22 November 2017

What to Eat (and not eat...) while Pregnant

What to Eat (and not eat...) while Pregnant

It’s not just an urban myth that you are impossibly hungry when expecting. And since you’re growing another little human being, doesn’t hurt to fill yourself up with the healthiest food! Here are some superfoods to load up on that meet the recommended servings of produce each day.

Bon Appétit, healthy mamas!


We love this natural heart healthy nut! A quarter cup (or 2 tablespoonful of almond butter on toast) is a nutritious source of protein, iron, Vitamin E and unsaturated fats. In particular, Vitamin E is great for your baby’s brain development. We love them in salads for an additional crunch or simply as a snack on its own.

2. Banana

The world’s most portable snack also contains about 10 percent of your daily needs for potassium, a mineral that can help you avoid pregnancy-related hypertension. We also love it because it goes well with every meal! Breakfast, Lunch, Snack and even dessert! Can’t say no to a banana split cos it’s a superfood!


3. Eggs


Especially zoom in on the yummy yolks! Easy way for you to load up on protein, more than a dozen of great vitamins, minerals and choline. Egg yolk also contact fat-soluble vitamin D, which can reduce your risk of gestational diabetes, preeclampsia and low birth weight. Loads of easy egg recipes out there to help squeeze in a little eggy goodness in your everyday life.


4. Berries


Who doesn’t love a bowl of berries! What if we told you that it contains beneficial phytochemicals which acts as antioxidants that rid the body of cell-damaging free radicals as well? A yummy addition to your daily smoothie, lunch box or fruit parfait! Vary your selection to include whatever is in season – blackberries, blueberries, cherries and raspberries are the main culprits!


5. Eat your Greens!


Broccoli or dark leaf greens like kale and spinach provides your daily share of vitamins A and C leafy green boasts two vital pregnancy nutrients: folic acid, for helping to prevent birth defects, and calcium, for building Baby’s bones. Kale also contains potassium, which can help reduce water retention, a perk you’ll appreciate, as you get closer to full term. Broccoli florets also contain a higher concentration of nutrients and phytochemicals than the rest of the plant, though the stems and leaves are also nutritious.


6. Lean Beef

With just one 85g serving, you’re scoring nearly half of your daily requirement for zinc, a mineral that, if obtained in adequate amounts, can help reduce the risk of pregnancy complications, preterm delivery, and neonatal infection. Eye of round, top round, round tip, bottom round, top loin and tenderloin are among the leanest cuts available. But feel free to ask your butcher for fresh cut suggestions.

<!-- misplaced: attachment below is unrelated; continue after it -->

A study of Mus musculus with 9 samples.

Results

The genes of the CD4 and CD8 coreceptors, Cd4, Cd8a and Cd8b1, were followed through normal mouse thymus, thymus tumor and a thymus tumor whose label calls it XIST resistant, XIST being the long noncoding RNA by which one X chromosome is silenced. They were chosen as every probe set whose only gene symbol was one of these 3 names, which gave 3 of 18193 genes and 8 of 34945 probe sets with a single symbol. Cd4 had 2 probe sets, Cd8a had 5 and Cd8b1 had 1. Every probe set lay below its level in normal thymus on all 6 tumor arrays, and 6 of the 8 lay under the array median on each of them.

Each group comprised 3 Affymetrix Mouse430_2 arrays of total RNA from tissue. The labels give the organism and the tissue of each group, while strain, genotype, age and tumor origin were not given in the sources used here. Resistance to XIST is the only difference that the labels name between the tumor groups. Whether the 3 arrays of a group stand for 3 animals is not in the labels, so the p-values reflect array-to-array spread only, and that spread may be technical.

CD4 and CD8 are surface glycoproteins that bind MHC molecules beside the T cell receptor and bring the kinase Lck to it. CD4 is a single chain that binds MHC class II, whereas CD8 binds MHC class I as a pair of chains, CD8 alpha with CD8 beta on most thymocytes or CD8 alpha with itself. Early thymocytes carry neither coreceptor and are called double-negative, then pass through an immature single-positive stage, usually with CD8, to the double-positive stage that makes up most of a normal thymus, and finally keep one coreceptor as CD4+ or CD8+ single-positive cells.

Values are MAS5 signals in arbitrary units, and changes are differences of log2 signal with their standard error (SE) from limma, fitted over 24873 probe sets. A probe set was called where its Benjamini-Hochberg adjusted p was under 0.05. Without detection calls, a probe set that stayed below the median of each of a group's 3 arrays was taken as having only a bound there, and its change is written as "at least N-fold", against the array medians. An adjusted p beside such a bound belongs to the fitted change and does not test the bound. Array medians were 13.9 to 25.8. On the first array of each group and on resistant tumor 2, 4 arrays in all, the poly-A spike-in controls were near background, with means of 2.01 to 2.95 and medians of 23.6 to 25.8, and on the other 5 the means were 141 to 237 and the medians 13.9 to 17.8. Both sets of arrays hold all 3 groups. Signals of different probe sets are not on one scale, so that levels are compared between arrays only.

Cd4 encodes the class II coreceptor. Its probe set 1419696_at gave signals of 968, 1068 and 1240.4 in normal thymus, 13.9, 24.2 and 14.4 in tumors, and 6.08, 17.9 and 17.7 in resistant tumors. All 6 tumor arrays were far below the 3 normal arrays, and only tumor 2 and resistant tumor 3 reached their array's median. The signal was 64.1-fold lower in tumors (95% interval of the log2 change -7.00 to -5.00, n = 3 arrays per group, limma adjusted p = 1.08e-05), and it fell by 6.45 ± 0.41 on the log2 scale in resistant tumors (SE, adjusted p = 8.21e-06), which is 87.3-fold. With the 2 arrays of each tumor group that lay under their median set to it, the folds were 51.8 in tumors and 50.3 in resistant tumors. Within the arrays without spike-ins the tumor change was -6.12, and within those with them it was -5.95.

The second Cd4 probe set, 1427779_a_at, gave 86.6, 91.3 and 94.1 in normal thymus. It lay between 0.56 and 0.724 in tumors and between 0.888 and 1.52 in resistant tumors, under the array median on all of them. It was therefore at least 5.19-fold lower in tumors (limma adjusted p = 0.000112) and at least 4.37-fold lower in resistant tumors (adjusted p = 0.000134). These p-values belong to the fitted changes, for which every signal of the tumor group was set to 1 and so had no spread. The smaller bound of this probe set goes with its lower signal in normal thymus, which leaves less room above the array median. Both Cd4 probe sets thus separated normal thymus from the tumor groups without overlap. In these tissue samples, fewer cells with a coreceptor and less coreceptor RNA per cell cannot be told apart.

7. Quinoa

For the mamas going meatless, get your veggie protein fix here! Quinoa is a complete source of protein that is high in fibre and easy way to introduce into your daily diet. Cook up a batch of quinoa each day to throw into your salads for texture or as a rice / starch replacement. The aim is to get 71 grams of protein each day and each cup of quinoa delivers 8 grams


8. Red Bell Peppers

Did you know that one red bell pepper delivers nearly three times as much vitamin C as an orange! Now why isn’t red bell pepper as common as orange juice!? Vitamin C is famous for keeping the immune system tip top shape, a benefit that’s particularly helpful in pregnancy as your immunity is at its lowest. Vitamin C’s antioxidant powers may also promote fetal brain development and help your body absorb much-needed iron. We love adding red bell pepper to an Asian stir-fry, salad for a bit of zing or sneak that sprinkle of bell pepper onto a yummy pizza and call it a complete meal!


9. Salmon

Already a superfood on regular day, this superfood contains DHA, the powerful omega-3 fatty acid and protein. Getting the recommended 300 milligrams a day may help protect you from preterm labor, preeclampsia, and postpartum depression, and it helps developing Baby’s brain, central nervous system, and eyes. Salmon is also low in mercury and considered safe for expectant moms.


10. Yogurt

There is a lot of talk about calcium and a frequent health supplement in prenatal supplements. When the baby doesn’t get enough calcium to grow, they will draw it from your bones, which in turn impacts, on your health and recovery in future. Yogurt, often fortified with probiotics, good gut bacteria will reduce your baby’s risk for developing eczema or other allegies in life. Plain yogurt also provides more calcium than milk and can be worked into smoothies, as a refreshing salad dressing or on its own as a convenient snack.


Some food to avoid (and a few surprising exceptions!) :


1. Soft unpasteurized cheeses (and milk) – Mould-ripened soft cheeses, such as brie, camembert, chevre and others with similar type rind, blue-veined cheese such are gorgonzola should be avoided to avoid infection by listeria. Though rare, even a mild form of listeria can cause serious harm to your fetus.


2. Certain type of fish – Avoid consuming fish with levels of mercury such as shark, swordfish, tuna, mackerel frequently. According to Food Standards Australia, you should choose to have it no more than once a fortnight. As for the common raw and seared seafood, typically avoid them as they can contain harmful bacteria and viruses that will cause food poisoning. But if you have a major craving, make sure you spoil yourself with some top grade sashimi (yum!!! chirashi-don!!) from a reputable source!


3. Caffeine – High levels of caffeine can potentially increase the risk of miscarriage, low birth weight and cause a more difficult birth. They come in the form of coffee, tea, chocolate and some flu medicine. However, you’re allowed to consume up to 300mg a day so ration yourself and give yourself a good cuppa jo (or a block of yummy chocolate) when you need it!